Seven Tips to Harness the Power of Twitter for Your Cause
Twitter provides a way for content to spread organically between people, making an organization with a presence on the site more accessible to constituents, building trust and strengthening relationships with activists and donors.
So say Arielle Holland, consultant, and Marc Ruben, vice president, both with M+R Strategic Services, in the recently released whitepaper, Nonprofit Organizing in 140 Characters or Less. Holland and Ruben share some tips for nonprofits looking to harness the power of Twitter for their causes.
The authors note that Twitter differs from other social networks in that it's built for faster-paced conversations — only 140 characters max per message — and it's more public, as conversations get indexed by Google and other search engines.
For organizations wondering if Twitter is the right social-networking fit for them, Holland and Ruben share these seven nuggets of advice:
1. Beware of the bandwagon.
Don't join Twitter because everyone else is. Build your online presence strategically. Consider if Twitter is the right medium to reach your target audience, and what the goals of your Twitter program will be. Know what you want to get out of Twitter before you begin a social-marketing program there, so you'll know who you want to reach and how. Most of all, make sure your organization’s tweets offer value to followers.
2. Staff strategically.
Twitter requires an investment of time. The person maintaining your account should already have experience in Twitter. Make sure the account manager has at least 10 hours a week to devote to maintaining the account and engaging with supporters. The key with Twitter is to be able to react quickly, posting and responding to messages on the fly. If your organization decides to come up with an approval process for posts, make sure it's as streamlined as possible.
3. Build your base.
Do outreach. Start by following staff and interns with personal Twitter accounts. Follow other organizations that work on similar issues to yours. Follow major news outlets or high-profile bloggers and journalists who cover your cause.
Then reach out to your constituents. Some ways to do this recommended by Holland and Ruben are linking to your Twitter page from your Web site; posting a link or sending an announcement about your new Twitter account on other social-media sites your organization uses; featuring your Twitter account in an e-newsletter or adding a link to your Twitter page in your e-mail footers; reaching out to bloggers and tweeters you have relationships with, asking for their help in promoting your new SM presence; and adding a feed of your tweets to a place on your Web site or blog.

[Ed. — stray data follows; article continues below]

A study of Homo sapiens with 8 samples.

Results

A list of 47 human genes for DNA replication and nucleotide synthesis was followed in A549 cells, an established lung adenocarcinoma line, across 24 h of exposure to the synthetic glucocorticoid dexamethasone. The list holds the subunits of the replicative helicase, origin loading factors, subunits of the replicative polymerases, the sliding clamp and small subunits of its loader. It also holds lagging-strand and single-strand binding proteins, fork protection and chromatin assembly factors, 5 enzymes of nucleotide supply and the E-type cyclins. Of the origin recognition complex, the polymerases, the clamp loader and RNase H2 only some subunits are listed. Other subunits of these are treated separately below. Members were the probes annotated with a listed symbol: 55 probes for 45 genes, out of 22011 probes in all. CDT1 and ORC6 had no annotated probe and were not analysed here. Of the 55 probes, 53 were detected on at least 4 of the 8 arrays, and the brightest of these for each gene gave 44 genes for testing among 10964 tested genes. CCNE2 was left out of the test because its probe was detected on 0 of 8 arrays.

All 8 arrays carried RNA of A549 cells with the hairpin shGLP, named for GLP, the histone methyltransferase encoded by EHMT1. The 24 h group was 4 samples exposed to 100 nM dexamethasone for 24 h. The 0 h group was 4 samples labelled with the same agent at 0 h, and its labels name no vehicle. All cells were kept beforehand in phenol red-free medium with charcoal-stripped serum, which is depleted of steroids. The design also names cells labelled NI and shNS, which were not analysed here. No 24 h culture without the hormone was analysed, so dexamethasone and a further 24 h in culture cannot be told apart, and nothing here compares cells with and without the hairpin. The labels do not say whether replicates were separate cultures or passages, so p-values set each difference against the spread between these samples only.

4. Return the follow.
“Followers” are people who are monitoring your tweets. Set up your organization’s account to receive e-mail notifications when someone new follows you, then follow them back immediately. "That shows that your organization is listening, not just talking," the authors said.
5. Keep the conversation moving.
If someone mentions your organization in a tweet, tweet them back in a way that pushes the conversation along and builds your relationship with them.
6. Tweet it forward.
Retweet what other Twitter users say or to share a link directly. Retweeting — abbreviated as RT — means copying verbatim what someone else has already tweeted. The authors stress that you should include the person's username in the retweet, as well. When you want to share a useful link or piece of information with your followers that you found through another source or Twitter user but want to repost it in your own way, use a hat tip (h/t) or "via."
7. #Tag it!
Words preceded by a pound sign are known as hashtags in Twitter and are the primary ways Twitter users organically organize the information they tweet. The authors describe it as "a virtual filing cabinet."
Most-used hashtags appear in the Twitter sidebar as “trending topics.”
"Many organizations launch hashtags for particular campaigns, events and issues, and there are a number of free tools available to help you follow the discussion about particular hashtags, to track responses, shorten URLs and manage your accounts," Holland and Ruben write.
They recommend organizations use hashtags to help grow their bases of followers by following Twitter users who send tweets with the hashtag.
Holland and Ruben go on to list eight tactics to help organizations engage supporters and spur change via Twitter. To read them, download the whitepaper in full.